Early morning commuters board and disembark an Orange line train at the Courthouse Station in Arlington. (Nikki Kahn/The Washington Post)

Dear Dr Gridlock:

I often write you to complain about Metro, but today I have a different, but related topic. I like to have a contingency plan to get home if Metro is not working, or if there is some other problem.

One option is a cab, but some days that will not work because of gridlocked traffic. So I figure walking is an option, but I need to know the best route.

The day of the earthquake, I tried this. I work near McPherson Square. I headed over to the Arlington Memorial Bridge and went on the bike path that goes along the Potomac there.

The problem was that I had not researched this and so, while I saw there were paths headed off the main path, very few of them were marked and I was not sure where I should go.

Thinking long term for Metro

I ended up walking past Reagan National Airport and got into Crystal City, and then called hubby to come get me. I think there must have been a better way, so I am asking you and your readers for assistance.

My eventual destination is the Parkfairfax neighborhood, which is on the other side of Interstate 395 from Shirlington. Is there a path for pedestrians on the 14th Street bridge? How do I get there and where do I go once on the other side?

— Alice Cave, Alexandria

Cave has written several times with thoughtful comments about the minus side of Metro’s Rush Plus service. So I hope we can help her out on this question. And after Wednesday’s shutdown on the Green Line during the evening rush, other commuters may be considering sidewalk options.

I suspect many readers would scoff at that, and say Cave should just take a cab and endure the traffic.

But the walk she describes does not demand Olympian endurance, just some good planning and good shoes.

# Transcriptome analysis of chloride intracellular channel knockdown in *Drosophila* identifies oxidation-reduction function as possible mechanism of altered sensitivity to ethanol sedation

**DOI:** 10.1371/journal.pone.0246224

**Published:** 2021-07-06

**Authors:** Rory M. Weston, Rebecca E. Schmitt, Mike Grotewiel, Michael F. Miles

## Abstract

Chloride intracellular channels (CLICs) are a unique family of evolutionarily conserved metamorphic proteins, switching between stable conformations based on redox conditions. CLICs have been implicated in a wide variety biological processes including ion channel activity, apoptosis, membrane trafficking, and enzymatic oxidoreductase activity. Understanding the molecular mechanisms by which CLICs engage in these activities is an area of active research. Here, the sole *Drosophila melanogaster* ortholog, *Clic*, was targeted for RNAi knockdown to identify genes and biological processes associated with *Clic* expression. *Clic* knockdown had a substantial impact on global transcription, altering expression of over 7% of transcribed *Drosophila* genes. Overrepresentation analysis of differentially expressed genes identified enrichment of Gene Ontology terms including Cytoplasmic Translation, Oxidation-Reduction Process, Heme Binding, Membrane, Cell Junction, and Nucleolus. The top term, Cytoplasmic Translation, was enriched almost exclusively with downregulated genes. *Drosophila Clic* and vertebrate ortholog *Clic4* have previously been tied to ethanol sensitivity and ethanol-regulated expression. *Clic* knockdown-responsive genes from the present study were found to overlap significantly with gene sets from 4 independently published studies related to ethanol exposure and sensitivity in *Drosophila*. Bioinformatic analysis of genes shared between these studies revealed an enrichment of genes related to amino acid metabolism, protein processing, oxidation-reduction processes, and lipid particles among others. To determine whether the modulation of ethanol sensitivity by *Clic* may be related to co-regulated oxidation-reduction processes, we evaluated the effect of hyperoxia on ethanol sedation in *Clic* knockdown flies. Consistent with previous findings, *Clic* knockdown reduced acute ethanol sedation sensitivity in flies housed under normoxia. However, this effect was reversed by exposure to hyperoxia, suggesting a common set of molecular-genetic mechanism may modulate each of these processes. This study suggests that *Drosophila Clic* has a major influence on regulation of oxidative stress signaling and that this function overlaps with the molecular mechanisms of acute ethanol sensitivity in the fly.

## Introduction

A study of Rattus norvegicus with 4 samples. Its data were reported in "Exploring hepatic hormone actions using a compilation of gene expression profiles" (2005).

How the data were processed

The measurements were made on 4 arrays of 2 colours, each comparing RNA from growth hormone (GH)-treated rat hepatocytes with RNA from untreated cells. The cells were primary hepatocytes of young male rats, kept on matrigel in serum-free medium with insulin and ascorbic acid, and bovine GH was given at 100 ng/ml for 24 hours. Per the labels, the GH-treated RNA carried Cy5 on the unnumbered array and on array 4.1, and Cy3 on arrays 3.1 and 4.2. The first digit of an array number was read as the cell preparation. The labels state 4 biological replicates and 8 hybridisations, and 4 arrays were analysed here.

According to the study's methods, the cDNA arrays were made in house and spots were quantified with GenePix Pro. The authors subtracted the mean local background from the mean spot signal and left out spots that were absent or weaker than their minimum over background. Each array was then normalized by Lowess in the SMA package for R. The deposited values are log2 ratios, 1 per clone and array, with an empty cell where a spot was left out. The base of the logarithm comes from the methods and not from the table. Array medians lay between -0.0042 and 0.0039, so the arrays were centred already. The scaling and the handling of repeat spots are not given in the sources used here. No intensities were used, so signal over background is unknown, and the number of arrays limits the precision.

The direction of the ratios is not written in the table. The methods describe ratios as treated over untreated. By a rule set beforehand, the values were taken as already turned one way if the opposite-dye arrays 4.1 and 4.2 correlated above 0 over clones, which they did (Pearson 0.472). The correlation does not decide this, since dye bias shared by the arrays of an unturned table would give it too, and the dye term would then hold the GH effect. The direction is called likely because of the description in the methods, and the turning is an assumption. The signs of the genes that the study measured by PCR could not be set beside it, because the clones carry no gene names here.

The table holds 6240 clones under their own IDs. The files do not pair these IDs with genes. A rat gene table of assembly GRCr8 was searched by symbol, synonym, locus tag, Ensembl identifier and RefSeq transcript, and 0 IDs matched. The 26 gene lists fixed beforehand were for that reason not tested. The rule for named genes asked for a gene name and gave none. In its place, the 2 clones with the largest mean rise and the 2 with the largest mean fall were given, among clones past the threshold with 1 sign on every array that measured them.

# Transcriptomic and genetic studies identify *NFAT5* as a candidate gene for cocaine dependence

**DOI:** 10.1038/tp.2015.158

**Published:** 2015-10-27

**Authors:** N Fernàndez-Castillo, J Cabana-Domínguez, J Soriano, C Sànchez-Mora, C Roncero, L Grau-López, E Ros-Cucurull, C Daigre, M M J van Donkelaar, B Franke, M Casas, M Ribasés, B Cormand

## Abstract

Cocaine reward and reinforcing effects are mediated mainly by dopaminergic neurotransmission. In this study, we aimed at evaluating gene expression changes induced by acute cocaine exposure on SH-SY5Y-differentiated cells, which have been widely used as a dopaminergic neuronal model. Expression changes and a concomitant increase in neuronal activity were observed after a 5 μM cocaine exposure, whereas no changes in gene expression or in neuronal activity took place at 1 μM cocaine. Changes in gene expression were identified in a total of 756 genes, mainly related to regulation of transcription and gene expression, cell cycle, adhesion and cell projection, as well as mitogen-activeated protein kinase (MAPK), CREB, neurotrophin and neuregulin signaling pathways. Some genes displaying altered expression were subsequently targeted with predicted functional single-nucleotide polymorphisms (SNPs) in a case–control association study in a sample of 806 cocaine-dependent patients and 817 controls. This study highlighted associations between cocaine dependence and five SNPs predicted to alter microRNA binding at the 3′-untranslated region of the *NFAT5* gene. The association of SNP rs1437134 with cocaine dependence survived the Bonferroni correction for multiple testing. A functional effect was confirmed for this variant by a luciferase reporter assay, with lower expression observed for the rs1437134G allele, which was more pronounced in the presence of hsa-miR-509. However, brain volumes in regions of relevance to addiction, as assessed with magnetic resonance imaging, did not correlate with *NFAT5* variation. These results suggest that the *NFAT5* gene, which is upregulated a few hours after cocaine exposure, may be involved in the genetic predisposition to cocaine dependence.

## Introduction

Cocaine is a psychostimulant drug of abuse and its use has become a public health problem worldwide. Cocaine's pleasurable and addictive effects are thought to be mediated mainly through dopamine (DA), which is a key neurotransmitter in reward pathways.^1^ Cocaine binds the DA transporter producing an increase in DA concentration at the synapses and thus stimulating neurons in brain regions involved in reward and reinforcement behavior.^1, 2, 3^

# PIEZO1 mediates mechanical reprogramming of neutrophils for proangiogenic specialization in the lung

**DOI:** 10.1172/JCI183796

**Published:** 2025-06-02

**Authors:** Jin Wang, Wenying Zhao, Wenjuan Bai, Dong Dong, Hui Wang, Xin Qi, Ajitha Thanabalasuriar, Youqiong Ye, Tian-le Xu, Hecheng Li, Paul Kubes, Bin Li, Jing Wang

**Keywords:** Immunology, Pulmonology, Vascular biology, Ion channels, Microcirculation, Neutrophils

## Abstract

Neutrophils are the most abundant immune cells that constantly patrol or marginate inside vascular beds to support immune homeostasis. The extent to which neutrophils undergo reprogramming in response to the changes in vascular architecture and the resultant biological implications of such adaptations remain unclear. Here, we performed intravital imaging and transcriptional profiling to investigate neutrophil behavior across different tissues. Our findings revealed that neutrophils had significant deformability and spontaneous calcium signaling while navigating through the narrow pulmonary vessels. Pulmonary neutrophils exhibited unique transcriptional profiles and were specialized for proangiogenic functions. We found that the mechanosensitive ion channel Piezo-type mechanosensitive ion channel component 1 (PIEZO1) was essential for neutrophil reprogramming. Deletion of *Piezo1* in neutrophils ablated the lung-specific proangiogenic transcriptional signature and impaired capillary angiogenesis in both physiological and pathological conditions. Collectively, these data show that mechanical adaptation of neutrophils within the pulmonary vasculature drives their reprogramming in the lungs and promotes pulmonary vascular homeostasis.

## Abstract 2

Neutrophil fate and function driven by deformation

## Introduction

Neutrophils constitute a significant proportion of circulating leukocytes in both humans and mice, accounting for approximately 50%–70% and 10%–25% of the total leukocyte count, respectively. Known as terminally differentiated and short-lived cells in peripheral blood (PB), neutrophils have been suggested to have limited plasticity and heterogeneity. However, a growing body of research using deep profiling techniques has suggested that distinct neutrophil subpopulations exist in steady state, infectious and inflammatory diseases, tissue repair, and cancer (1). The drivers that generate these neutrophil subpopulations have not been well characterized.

A trip from McPherson Square to the Parkfairfax neighborhood in Alexandria is a walk of about 6.7 or 7.5 miles, depending on the route. The first route, across the Arlington Memorial Bridge, should take about 2 hours 16 minutes. The second, across the 14th Street bridge, should take slightly less than 2½ hours.

I learned this by checking the route on Google Maps. A search on Mapquest, another online service, pops up a variation on the 14th Street bridge route. It’s 7.65 miles, with an estimated walking time of three hours and three minutes.

Pick up the walking path for the 14th Street bridge near the Jefferson Memorial. On the Virginia side, walk down the ramp and pick up the Mount Vernon Trail.

Follow that past Reagan National Airport and go west on the Four Mile Run Trail to West Glebe Road. Turn right on Valley Drive.

I agree that the Arlington Memorial Bridge route can get confusing. Start this part by swinging around the south side of the Lincoln Memorial and crossing the bridge along the sidewalk on the downstream side. Follow that path in Virginia as it bends to the south. Your target is Washington Boulevard, to the west of the George Washington Parkway.

Past the Pentagon, follow a route along Columbia Pike and South Joyce Street to get under Interstate 395. Then pick up Army Navy Drive. This route will work its way down to West Glebe Road.

I learned a lot about cross-river walking commutes from Peter Owen of Arlington. In 2008, he took me on one such trek, from his workplace near Union Station to his neighborhood near the Court House Metro station, via the Roosevelt Bridge.

Among the things I learned was that maps take you only so far. Actual experience counts, and sometimes getting lost leads to the discovery of a better route.

Owen would also evaluate routes by season, considering light to be an important factor, as well as safety. And he would be very aware that these miles-long routes require encounters with roads built to accommodate vehicles, not walkers.

What tips would you offer for long-walk commutes?

Dr. Gridlock also appears Thursday in Local Living. Comments and questions are welcome and may be used in a column, along with the writer’s name and home community. Write Dr. Gridlock at The Washington Post, 1150 15th St. NW, Washington, D.C. 20071 or e-mail drgridlock@washpost.com.